Engaged in a cutthroat pricing battle in the sports video-game arena,
plans to cut prices on some of its key titles.
Beginning Tuesday, the company will reduce the suggested retail price of its
Madden NFL 2005
NBA Live 2005
hockey games to about $30 each. EA also plans to cut the suggested retail price of its
NCAA Football 2005
game to about $40.
Currently, EA offers
for about $40 and the other titles for about $50.
The price reductions mark the company's latest response in its
battle for market share with
, which joined earlier this year to co-publish the ESPN line of sports games. The two companies are offering the ESPN titles, which include NFL football, NBA basketball and NHL hockey titles, for about $20 each.
The ESPN titles had drawn critical praise in the past, but until this year had never been able to make much of a dent in EA's dominance in the sports-game segment. But the price cut -- premium titles generally sell for about $40 to $50 each -- has helped boost sales of the ESPN offerings. Take-Two and Sega already have sold more than a million copies of
ESPN NFL 2K5
, for instance, whereas all of EA's rivals combined sold far less than that a year.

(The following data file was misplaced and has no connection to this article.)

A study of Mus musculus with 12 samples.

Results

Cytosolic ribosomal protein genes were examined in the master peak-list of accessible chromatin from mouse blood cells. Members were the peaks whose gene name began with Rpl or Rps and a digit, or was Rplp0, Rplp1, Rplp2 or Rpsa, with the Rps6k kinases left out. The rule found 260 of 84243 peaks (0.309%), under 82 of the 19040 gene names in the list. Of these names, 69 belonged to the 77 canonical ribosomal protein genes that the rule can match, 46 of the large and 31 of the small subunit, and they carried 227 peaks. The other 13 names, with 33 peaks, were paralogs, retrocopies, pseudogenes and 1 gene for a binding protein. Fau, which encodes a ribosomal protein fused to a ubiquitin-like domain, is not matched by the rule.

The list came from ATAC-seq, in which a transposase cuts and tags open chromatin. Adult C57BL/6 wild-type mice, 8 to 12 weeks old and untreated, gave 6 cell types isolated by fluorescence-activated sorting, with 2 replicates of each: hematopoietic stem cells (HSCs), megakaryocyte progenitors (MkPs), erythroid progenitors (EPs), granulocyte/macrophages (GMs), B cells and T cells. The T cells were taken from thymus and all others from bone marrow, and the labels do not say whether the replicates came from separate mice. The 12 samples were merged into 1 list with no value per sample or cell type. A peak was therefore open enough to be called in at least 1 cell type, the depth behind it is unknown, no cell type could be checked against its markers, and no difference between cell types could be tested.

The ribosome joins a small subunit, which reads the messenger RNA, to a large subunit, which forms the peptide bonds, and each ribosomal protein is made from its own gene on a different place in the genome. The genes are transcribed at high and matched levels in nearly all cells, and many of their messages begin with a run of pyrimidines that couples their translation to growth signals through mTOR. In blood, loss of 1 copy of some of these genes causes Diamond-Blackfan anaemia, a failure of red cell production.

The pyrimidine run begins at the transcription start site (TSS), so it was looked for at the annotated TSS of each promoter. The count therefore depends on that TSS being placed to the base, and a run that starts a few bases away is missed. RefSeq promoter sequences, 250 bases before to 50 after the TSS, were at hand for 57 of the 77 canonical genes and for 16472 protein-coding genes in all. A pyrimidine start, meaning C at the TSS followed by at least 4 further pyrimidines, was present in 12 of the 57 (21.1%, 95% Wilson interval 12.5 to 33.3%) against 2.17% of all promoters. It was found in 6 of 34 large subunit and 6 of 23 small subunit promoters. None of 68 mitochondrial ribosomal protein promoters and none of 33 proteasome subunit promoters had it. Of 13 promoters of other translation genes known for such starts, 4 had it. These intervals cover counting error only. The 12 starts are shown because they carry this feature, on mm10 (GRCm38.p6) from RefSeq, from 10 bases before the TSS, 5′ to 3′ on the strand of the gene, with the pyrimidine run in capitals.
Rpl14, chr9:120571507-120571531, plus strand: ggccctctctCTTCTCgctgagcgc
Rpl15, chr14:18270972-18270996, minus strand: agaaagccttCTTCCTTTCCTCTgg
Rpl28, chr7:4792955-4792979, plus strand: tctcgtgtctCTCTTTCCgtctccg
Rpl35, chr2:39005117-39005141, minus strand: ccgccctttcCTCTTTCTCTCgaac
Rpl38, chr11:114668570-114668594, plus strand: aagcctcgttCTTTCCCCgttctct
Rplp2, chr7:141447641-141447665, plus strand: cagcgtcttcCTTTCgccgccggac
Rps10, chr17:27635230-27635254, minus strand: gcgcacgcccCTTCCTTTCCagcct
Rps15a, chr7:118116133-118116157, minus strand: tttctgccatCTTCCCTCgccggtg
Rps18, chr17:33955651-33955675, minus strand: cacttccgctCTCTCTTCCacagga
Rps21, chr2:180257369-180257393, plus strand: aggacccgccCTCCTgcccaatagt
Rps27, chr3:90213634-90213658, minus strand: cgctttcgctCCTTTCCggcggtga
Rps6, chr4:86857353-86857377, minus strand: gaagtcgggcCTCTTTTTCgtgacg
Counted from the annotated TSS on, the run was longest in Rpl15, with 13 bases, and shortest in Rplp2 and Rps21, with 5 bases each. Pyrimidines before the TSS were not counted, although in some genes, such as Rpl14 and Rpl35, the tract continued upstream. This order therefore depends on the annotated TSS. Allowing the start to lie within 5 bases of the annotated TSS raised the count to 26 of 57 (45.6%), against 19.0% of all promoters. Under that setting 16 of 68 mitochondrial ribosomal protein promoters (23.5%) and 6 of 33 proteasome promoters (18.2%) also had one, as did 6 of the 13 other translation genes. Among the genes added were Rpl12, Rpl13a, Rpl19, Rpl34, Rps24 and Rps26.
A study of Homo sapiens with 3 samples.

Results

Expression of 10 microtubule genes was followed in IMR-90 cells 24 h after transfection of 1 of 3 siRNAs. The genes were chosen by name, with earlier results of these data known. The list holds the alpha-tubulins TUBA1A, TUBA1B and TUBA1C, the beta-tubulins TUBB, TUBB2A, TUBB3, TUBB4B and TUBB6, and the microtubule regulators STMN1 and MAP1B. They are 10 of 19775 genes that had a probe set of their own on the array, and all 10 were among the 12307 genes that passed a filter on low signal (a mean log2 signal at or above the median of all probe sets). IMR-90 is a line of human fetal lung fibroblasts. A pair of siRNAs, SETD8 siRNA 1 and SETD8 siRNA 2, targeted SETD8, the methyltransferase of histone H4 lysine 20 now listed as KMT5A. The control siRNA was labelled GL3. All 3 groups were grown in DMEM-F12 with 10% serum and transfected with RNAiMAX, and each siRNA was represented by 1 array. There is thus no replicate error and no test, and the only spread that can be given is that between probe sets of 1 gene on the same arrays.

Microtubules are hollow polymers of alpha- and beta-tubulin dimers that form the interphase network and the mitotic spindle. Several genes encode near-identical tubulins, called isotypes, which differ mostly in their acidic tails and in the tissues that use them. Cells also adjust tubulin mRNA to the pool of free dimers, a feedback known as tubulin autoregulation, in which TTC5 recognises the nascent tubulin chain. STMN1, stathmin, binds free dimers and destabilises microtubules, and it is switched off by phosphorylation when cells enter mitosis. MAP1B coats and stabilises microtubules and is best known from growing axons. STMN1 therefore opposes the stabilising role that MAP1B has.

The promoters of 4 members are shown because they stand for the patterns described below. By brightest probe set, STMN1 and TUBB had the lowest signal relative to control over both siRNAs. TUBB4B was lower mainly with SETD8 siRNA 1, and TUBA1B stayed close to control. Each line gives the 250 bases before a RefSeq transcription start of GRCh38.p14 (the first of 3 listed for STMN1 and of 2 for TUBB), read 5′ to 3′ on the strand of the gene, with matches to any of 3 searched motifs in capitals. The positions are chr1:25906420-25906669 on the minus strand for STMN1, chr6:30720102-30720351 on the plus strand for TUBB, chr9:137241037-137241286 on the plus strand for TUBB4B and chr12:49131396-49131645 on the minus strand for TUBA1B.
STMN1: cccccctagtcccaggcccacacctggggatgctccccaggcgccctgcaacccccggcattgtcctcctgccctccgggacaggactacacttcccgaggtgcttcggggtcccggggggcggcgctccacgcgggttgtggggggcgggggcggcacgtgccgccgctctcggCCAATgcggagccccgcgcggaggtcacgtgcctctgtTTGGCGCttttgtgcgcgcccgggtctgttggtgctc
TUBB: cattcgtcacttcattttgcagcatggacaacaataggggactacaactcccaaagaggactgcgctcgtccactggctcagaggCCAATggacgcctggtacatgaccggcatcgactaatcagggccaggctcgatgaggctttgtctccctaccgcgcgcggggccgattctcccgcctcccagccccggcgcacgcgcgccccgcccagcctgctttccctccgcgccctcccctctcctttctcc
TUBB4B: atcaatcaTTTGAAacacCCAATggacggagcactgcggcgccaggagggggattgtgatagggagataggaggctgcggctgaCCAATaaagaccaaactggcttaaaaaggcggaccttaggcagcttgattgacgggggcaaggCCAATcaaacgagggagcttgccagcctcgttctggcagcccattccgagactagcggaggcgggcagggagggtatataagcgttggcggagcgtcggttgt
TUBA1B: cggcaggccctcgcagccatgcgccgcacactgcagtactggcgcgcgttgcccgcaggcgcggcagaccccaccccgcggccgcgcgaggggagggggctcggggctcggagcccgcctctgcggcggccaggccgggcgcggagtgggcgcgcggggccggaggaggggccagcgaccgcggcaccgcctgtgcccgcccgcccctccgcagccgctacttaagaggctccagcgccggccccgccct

Despite the price competition, EA's sports games have generally done well. According to the company,
has sold 4 million copies this year, while its NBA and NCAA games have sold more than 2 million copies each. Still, Take-Two and Sega have carved out a chunk of EA's market share by finding new markets for the ESPN titles.
Although EA has trumpeted its sales, the company has clearly focused on this
competitive threat. Its initial price for this year's version of
was $10 less than last year's price. And in September, the company
initiated a "buy two, get one free" promotion with its sports titles.
The latest price cut comes during what's expected to be a
disappointing quarter for EA. The company is not expected to have a top-tier hit this holiday season and has projected flat sales and earnings in the quarter compared with the same period last year.
EA's announcement came after the bell on Monday. In after-hours trading, the company's shares fell 81 cents, or 1.7%, to $46.59. Earlier in the day, they closed regular trading off 48.4 cents, or 1%, to $47.40.